Retention: Why Kids Are Held Back

By Amanda Morin
Email's logo Email's logo

Email

Copy link

Print

Chat's logo Chat's logo

Share

At a Glance

  • Research shows that retention isn’t the best plan for most kids.

  • Academics are only one thing to think about when considering retention.

  • You can talk to your child’s school about all the options before making a decision.

Holding kids back a grade—also known as “retention”—isn’t common. But if the school is considering having your child repeat a year (or if you are), there are some important basics to know about it.

Why Schools May Recommend Repeating a Grade

If your child hasn’t built the academic skills she’ll need for the next grade, her school may advise holding her back. The idea is that an extra year will help her catch up.

But sometimes your child’s academic struggles are just one factor that the school is considering. Additional reasons that the school may cite can include:

  • Your child is very young for her grade or socially immature.

  • Your child has missed a lot of school due to serious illness.

  • Your child doesn’t reach the performance level expected for moving to the next grade.

Some states also have third-grade retention laws that say kids have to stay back if they can’t read at a certain level this year. However, some of these states may make exceptions. You can ask your child’s school how your state’s law handles third-grade retention when a child has a known learning difference.

Current Thinking on Retention

Recent research shows that, for the most part, holding kids back a grade isn’t the best practice. The National Association of School Psychologists (NASP) reports that some kids do better in school the first year or two after being held back. But it also says that this effect doesn’t last.

NASP also points out that kids with learning and thinking differences may not do better at all unless there are new, specific interventions in place. If a child is held back because she’s struggling to learn, more of the same kind of teaching doesn’t help. Moving up a grade with new learning supports in place may be a better solution.

What You Can Do

As a parent, you play an important role in your child’s education. You have the right to be involved in the decision-making process.

If your child’s school suggests that she repeat a year, it’s a good idea to sit down with her teacher to find out why. You can also ask what changes would be made in the ways your child is taught if she’s held back a year. It’s important that there’s a plan in place that you believe will help your child succeed.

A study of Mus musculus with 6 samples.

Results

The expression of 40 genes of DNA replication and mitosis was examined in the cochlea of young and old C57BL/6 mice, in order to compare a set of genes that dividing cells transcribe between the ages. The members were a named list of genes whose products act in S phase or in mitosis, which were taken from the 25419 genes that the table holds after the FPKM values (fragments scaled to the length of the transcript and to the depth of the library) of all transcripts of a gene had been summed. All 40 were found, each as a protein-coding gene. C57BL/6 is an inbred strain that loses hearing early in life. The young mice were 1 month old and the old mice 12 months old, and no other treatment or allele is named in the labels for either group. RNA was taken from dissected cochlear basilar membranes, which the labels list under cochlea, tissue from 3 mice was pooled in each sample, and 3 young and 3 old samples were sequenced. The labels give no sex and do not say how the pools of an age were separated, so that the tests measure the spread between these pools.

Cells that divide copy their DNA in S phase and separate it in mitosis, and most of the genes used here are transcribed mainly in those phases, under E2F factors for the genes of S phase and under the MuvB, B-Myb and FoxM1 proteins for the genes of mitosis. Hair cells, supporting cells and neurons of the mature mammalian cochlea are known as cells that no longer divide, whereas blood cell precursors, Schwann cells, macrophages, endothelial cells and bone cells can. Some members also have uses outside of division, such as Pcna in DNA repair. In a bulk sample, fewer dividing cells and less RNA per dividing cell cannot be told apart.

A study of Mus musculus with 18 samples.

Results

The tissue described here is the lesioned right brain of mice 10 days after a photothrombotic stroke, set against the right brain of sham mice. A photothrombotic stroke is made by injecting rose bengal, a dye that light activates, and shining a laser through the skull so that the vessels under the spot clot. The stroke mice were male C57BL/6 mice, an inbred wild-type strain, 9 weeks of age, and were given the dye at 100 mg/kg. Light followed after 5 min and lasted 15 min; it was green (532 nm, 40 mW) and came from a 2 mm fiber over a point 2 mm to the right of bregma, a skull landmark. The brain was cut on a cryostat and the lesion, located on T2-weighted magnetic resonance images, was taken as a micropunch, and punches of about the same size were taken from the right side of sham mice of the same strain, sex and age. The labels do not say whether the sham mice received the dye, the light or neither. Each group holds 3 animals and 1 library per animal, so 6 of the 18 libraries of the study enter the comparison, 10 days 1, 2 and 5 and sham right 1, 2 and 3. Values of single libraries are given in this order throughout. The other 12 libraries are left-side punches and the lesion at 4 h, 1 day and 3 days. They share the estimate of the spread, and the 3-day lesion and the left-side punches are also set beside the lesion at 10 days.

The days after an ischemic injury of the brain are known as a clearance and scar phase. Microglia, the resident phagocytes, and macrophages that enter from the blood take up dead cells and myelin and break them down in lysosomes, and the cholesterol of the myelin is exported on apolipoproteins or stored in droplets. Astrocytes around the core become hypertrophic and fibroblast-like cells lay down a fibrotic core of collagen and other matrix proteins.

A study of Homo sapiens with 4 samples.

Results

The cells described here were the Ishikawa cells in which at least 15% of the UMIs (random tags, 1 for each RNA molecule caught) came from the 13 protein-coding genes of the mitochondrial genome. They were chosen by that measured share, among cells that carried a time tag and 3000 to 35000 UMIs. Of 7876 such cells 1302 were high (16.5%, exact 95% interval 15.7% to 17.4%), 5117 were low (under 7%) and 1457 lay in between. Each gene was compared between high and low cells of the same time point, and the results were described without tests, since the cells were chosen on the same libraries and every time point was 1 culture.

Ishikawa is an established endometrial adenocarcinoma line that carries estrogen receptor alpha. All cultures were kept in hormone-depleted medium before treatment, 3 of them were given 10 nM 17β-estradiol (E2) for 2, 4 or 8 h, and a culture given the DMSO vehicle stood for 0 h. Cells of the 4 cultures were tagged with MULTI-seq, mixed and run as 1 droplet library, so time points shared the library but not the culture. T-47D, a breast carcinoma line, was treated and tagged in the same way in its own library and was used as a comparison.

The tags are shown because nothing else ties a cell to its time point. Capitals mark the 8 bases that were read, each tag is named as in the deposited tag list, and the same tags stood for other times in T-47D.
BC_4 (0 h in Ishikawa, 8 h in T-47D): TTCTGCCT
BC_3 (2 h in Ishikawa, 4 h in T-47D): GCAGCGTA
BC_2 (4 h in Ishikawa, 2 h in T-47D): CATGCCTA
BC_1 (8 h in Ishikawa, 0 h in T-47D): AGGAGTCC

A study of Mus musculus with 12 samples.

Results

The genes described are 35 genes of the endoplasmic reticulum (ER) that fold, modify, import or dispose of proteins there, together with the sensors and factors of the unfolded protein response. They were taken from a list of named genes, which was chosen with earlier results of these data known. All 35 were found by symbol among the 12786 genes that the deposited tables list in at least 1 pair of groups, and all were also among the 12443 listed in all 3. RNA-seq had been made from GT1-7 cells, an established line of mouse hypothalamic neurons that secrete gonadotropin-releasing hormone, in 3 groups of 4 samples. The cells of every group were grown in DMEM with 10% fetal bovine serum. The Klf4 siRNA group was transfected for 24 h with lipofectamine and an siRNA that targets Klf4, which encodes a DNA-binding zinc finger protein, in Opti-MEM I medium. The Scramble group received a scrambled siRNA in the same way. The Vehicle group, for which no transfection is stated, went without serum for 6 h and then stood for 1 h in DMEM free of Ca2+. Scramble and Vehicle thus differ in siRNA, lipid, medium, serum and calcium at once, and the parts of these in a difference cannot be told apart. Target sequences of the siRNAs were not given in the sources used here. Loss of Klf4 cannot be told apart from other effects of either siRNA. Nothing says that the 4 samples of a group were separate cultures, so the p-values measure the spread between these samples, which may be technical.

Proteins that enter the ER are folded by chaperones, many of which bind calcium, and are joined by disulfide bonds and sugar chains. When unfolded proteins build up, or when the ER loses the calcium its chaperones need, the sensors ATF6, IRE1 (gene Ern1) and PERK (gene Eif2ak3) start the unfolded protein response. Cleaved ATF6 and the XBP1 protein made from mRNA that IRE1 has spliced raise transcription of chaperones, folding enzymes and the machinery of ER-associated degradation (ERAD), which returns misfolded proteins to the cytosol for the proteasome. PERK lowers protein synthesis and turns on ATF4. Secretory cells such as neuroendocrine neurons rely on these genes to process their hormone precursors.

When you meet with your child’s teacher, you can also discuss what alternatives there might be to retention. Some questions you might bring up:

  • Are there new accommodations that could increase her success in the classroom next year?

  • Do her IEP goals and services need to be revised to help her be more successful?

  • Are summer learning programs an available option?

  • Would one-on-one tutoring be helpful in making sure your child can move up to the next grade?

It may help to go to this meeting prepared with a working knowledge of the pros and cons of retention. And even if you disagree with your child’s teacher, it’s important to build a good relationship with her.

Wondering whether retention is a good idea for your child, even though her school hasn’t brought it up? Explore it more with this Decision Guide. You can always ask your child’s teacher to discuss the possibility with you.

Key Takeaways

  • Some states have laws that say a child can’t move up unless she can read at a certain level. But there can be exceptions.

  • If your child is going to be held back, there should also be a plan to teach her in new ways that may work better.

  • There may be other options to consider before retention.

About the Author

About the Author

Amanda Morin 

worked as a classroom teacher and as an early intervention specialist for 10 years. She is the author of The Everything Parent’s Guide to Special Education. Two of her children have learning differences.

Reviewed by

Reviewed by

Bob Cunningham, EdM 

serves as executive director of learning development at Understood.

Did you find this helpful?

Up Next

Stay Informed

Sign up for weekly emails containing helpful resources for you and your family.

Please enter a valid email.

Please enter a valid email.

Please wait...

By signing up, you acknowledge that you reside in the United States and are at least 13 years old, and agree that you've read the Terms and Conditions. Understood.org does not market to or offer services to individuals in the European Union.